Seeing through different eyes ... ant's eyes, bird's eyes, astronaut's eyes.

Updated: Jun 15, 2021

Astronauts, working in space, say ‘Everything is connected’, seeing our planet from space has changed how they see our world. Do you agree, do you think 'everything is connected'? According to astronaut, John Glenn, one of the first people to see our planet from space, the most powerful quality in an astronaut is … curiosity. Why do you think he said this? Can you explore our planet with different eyes? Where will your curiosity take you???

How often do you stop to notice the little things? The raindrops dangling from a patch of moss on an old wall? The crumbling bark and outstretched roots of a tree? A sunny patch of lawn? The cracks in a paving stone? Or maybe what lurks beneath an old stone or lump of deadwood?

Your challenge this week is to explore a tiny patch of nature, somewhere you’ve walked past a thousand times before, and see it through different eyes.

Use all your senses. What can you see? How many different textures can you find – bumpy, spongey, slimey, smooth? Close your eyes – what does it smell like? Have you noticed that it smells differently after it’s rained? What sounds can you hear? Maybe you could take some photographs through ‘different eyes’ – an ant’s-eye view? A bird’s-eye view? How many insects or plants can you identify? Click here for a WWF activity sheet for some other ideas to spark your curiosity.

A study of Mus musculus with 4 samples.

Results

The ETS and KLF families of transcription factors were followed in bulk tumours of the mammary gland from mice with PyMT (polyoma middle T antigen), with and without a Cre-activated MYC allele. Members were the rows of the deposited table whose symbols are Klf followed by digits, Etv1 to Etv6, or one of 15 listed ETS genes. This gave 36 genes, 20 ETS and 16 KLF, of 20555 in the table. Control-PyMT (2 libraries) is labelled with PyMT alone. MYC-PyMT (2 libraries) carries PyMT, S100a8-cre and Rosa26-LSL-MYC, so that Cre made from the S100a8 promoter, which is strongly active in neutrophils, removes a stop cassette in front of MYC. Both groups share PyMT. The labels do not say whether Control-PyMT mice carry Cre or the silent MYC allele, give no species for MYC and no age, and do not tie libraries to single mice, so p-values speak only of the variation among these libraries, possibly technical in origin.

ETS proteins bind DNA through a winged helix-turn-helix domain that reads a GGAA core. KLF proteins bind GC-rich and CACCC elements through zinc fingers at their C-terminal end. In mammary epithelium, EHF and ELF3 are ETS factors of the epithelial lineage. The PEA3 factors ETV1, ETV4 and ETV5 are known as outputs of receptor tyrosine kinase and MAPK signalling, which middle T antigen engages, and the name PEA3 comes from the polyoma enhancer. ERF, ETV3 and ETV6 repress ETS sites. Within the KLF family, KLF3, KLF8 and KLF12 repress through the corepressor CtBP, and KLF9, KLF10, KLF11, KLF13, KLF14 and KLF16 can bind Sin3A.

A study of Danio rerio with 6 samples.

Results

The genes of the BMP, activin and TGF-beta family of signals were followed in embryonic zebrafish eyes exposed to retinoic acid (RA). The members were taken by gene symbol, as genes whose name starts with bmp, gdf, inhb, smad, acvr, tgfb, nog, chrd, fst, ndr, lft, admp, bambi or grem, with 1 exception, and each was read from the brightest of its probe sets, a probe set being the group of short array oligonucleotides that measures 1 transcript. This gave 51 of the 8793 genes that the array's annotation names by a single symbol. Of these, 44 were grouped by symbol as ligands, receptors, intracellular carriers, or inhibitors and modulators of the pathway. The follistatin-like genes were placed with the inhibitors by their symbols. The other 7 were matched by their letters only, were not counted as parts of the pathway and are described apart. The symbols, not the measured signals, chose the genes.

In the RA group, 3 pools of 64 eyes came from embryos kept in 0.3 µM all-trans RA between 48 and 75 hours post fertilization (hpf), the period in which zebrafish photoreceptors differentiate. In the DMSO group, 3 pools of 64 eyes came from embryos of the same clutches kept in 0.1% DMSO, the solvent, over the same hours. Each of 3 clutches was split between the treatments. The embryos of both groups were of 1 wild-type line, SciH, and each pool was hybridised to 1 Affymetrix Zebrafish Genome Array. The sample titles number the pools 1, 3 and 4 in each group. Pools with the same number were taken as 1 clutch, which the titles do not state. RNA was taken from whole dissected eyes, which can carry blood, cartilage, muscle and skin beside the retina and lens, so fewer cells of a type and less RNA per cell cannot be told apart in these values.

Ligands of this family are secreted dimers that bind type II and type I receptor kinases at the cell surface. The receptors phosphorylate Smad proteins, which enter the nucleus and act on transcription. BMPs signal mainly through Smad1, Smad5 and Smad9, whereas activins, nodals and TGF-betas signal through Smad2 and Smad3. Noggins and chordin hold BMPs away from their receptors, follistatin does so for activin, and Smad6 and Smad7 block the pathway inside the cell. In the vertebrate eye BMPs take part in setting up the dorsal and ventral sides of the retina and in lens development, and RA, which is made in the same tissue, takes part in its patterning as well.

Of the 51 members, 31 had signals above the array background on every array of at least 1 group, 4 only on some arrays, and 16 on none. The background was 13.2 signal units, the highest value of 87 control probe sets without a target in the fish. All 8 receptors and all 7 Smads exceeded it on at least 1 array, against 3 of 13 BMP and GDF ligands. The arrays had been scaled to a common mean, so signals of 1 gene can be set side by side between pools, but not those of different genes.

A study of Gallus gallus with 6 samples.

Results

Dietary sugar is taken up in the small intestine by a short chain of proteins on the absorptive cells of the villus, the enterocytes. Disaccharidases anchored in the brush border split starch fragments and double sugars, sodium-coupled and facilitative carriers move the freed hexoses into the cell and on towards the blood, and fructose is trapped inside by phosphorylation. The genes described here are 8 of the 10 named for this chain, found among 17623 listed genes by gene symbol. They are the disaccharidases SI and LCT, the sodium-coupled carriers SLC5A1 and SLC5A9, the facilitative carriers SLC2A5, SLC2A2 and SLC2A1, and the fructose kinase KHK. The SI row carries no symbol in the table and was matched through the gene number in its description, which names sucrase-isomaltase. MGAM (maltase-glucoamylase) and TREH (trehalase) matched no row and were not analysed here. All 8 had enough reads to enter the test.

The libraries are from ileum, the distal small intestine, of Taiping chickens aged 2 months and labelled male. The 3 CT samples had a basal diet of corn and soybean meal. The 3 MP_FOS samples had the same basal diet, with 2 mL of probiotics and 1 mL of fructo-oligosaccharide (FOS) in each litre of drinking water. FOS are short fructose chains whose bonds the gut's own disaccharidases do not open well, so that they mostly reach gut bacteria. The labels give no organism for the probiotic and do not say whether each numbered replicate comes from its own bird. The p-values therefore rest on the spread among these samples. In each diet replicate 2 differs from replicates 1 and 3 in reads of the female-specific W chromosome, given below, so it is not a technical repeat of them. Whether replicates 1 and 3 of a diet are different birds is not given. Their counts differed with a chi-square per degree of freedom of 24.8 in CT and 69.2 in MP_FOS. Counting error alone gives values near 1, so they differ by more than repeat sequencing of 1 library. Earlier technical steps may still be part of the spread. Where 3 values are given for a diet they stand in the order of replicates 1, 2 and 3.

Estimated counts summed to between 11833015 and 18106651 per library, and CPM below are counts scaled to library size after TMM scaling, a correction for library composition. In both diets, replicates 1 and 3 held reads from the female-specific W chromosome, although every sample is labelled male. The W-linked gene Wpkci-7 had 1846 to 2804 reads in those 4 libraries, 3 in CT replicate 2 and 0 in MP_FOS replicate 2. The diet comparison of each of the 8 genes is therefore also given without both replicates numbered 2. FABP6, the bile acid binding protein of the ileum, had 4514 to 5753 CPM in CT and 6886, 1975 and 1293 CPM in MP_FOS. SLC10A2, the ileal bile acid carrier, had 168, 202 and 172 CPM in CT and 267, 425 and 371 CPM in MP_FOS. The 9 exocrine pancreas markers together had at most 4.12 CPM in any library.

Remember to HIT THE RED BUTTON and tell us when you’ve done some micro nature exploration!

Astronauts have been living and working way in space, on board the International Space Station, for more than twenty years. They can look down on our planet from 250 miles away! This really means seeing the earth with different eyes – and it has completely changed the way many of them feel: ‘Our planet is home to each and every one of us. We are totally dependent on planet Earth, but its wellbeing now depends on us.’ ‘We’re all in this together.’ ‘We belong to Earth and not vice versa’ ‘When you see how thin that atmosphere is… you think we really have to take care of it’. If you’d like to see our planet as it appears from the International Space Station, you might like this 3 minute European Space Agency video or this amazing 30 minute film released by NASA in January 2021

How does looking at our natural world from so far away compare to an ant’s eye view??

When you have explored your tiny patch of nature using all your senses, don’t forget to HIT THE RED BUTTON!